Rio de Janeiro, Brazil, March 16, 2023 (PAHO)- The Pan American Health Organization (PAHO) this week brought together animal and public health experts from nine countries in the Americas to agree on strategies to strengthen the prevention and control of avian influenza in animals and mitigate the risk of human transmission.
The meeting, organized by PAHO’s Health Emergency Department and the Pan American Center for Foot and Mouth Disease (PANAFTOSA), took place at a time when the region is experiencing avian influenza outbreaks in poultry and wild birds. By the first week of March, 14 countries in the region had reported outbreaks, and a human case of avian influenza was reported in a Latin American country in January.
"Animal and human health are interconnected, so collaboration among the various actors at the human-animal interface is critical to prevent avian influenza transmission to humans, as well as to rapidly detect human cases, care for potential patients, and respond to outbreaks," Dr. Andrea Vicari, Chief of PAHO's Infectious Hazard Management Unit, said.
"Currently, the probability of sustained human-to-human transmission of avian influenza is very low, but we must be prepared for that possibility," said Dr. Manuel Sánchez Vázquez, a Veterinary Epidemiology Advisor at PANAFTOSA. For this reason, he added, "it is crucial that public and animal health sectors carry out joint risk analyses to establish mitigation strategies."
Within the framework of the Regional consultation for strengthening intersectoral work in the human-animal interface of influenza, representatives of the Ministries of Health and Agriculture of Argentina, Brazil, Canada, Chile, Colombia, Ecuador, Guatemala, Mexico and the United States, as well as PAHO and other partners, drew up a series of guidelines to mitigate the risk of avian influenza transmission. These, in addition to PAHO's recommendations, can be adopted by countries across the region.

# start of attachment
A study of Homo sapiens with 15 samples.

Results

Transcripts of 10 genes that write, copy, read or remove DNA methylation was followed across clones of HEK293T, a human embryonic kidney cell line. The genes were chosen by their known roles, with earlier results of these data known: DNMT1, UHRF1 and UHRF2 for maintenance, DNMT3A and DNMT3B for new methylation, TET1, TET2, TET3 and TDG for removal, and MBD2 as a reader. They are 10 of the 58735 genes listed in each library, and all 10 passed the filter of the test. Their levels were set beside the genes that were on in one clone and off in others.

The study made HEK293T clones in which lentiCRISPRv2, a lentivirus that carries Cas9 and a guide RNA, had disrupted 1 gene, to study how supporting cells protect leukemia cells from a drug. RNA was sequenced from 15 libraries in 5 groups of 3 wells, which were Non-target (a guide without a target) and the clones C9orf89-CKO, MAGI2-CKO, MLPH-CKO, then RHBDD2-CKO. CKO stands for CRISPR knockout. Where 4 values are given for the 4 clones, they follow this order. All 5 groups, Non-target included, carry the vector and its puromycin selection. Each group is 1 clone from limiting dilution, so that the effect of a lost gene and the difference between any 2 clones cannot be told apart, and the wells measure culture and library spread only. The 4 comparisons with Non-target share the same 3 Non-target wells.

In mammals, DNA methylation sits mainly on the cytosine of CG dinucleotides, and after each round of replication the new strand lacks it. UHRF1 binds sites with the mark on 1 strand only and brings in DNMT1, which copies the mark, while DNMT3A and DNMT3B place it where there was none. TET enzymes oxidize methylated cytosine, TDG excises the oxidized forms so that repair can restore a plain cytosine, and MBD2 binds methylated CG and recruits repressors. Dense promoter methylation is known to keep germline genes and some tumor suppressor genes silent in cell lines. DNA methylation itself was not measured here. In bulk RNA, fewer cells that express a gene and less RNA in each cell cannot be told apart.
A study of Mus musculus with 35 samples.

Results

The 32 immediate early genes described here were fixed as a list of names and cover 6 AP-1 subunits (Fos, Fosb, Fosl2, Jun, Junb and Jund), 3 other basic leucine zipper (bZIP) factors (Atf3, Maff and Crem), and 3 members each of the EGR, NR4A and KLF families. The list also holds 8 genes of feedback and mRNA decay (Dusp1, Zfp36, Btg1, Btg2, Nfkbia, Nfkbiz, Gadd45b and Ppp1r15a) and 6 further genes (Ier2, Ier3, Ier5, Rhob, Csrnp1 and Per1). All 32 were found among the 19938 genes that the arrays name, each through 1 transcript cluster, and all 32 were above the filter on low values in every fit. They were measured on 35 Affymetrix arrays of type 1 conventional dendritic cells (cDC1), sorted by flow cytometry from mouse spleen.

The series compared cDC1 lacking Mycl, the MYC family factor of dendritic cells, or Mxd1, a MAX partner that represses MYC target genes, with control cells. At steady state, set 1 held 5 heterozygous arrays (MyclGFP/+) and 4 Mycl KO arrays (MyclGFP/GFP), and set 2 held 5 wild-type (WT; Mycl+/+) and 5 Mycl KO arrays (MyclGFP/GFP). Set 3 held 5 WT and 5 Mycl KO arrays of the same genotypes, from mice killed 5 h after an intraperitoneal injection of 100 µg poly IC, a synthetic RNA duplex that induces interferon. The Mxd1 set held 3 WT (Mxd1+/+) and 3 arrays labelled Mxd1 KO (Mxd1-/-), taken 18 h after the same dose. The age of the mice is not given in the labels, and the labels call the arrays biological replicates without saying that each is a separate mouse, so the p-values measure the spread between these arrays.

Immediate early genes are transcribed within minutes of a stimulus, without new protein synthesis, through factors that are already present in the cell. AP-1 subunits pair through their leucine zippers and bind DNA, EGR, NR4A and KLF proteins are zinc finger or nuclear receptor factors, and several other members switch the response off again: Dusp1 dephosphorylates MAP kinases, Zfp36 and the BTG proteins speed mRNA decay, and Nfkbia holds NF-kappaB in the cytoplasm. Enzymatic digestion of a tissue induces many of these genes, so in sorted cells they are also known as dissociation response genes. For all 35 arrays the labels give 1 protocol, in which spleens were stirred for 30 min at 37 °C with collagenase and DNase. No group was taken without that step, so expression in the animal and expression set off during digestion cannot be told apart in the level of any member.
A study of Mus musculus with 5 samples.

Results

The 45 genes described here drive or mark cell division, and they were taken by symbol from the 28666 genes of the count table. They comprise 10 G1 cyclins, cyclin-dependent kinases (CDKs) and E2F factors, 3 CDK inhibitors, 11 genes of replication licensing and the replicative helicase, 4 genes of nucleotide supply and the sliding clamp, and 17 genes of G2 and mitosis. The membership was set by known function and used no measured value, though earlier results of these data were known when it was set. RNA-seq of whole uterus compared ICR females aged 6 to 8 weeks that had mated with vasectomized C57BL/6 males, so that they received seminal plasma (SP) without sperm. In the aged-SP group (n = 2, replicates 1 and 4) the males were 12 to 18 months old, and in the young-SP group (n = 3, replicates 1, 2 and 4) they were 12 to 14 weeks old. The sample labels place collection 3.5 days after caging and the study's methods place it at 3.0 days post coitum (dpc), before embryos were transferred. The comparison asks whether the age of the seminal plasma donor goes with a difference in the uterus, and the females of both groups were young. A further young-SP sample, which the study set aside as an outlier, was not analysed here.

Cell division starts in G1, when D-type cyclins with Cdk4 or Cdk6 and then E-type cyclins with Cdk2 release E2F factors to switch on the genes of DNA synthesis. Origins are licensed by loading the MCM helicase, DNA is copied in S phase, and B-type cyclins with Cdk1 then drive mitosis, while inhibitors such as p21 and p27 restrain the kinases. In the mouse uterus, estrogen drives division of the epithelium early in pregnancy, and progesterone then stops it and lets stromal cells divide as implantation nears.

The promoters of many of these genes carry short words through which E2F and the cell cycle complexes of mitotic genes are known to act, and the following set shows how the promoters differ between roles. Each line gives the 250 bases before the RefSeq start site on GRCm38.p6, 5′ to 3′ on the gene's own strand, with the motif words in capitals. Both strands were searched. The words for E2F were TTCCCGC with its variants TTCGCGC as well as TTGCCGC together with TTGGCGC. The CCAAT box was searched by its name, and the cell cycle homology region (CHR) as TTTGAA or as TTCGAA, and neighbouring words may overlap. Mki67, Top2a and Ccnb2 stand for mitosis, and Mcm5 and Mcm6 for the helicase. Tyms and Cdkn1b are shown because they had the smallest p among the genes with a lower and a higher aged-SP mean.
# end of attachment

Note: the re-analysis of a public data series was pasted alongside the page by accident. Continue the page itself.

Recommendations include reinforcing work for the prevention and control of avian influenza outbreaks; the creation of national technical commissions for information exchange and analysis between ministries of health, agriculture and environment; and strengthening surveillance and response to avian influenza. They also promote the development of risk communication and community engagement strategies.
Proper adherence to hygiene and biosecurity standards for workers exposed to infected birds or contaminated surfaces, as well as early detection of human infections and containment measures are also key actions.
Experts also recommend monitoring other animals, such as pigs, which can contract influenza and transmit the virus to people.
"It is important to maintain virus surveillance in both birds and pigs for the timely detection of genetic changes that could render it more transmissible to humans and from person to person,” Vicari said. “If this situation were to occur, it could generate a pandemic," he added.
PAHO is working with countries in the region to strengthen surveillance of avian influenza virus in birds and to detect, treat and investigate cases of A(H5N1) infection in humans in a timely manner should they occur. In recent months, PAHO specialists carried out several technical missions to countries in the region to strengthen avian and other animal influenza surveillance capabilities.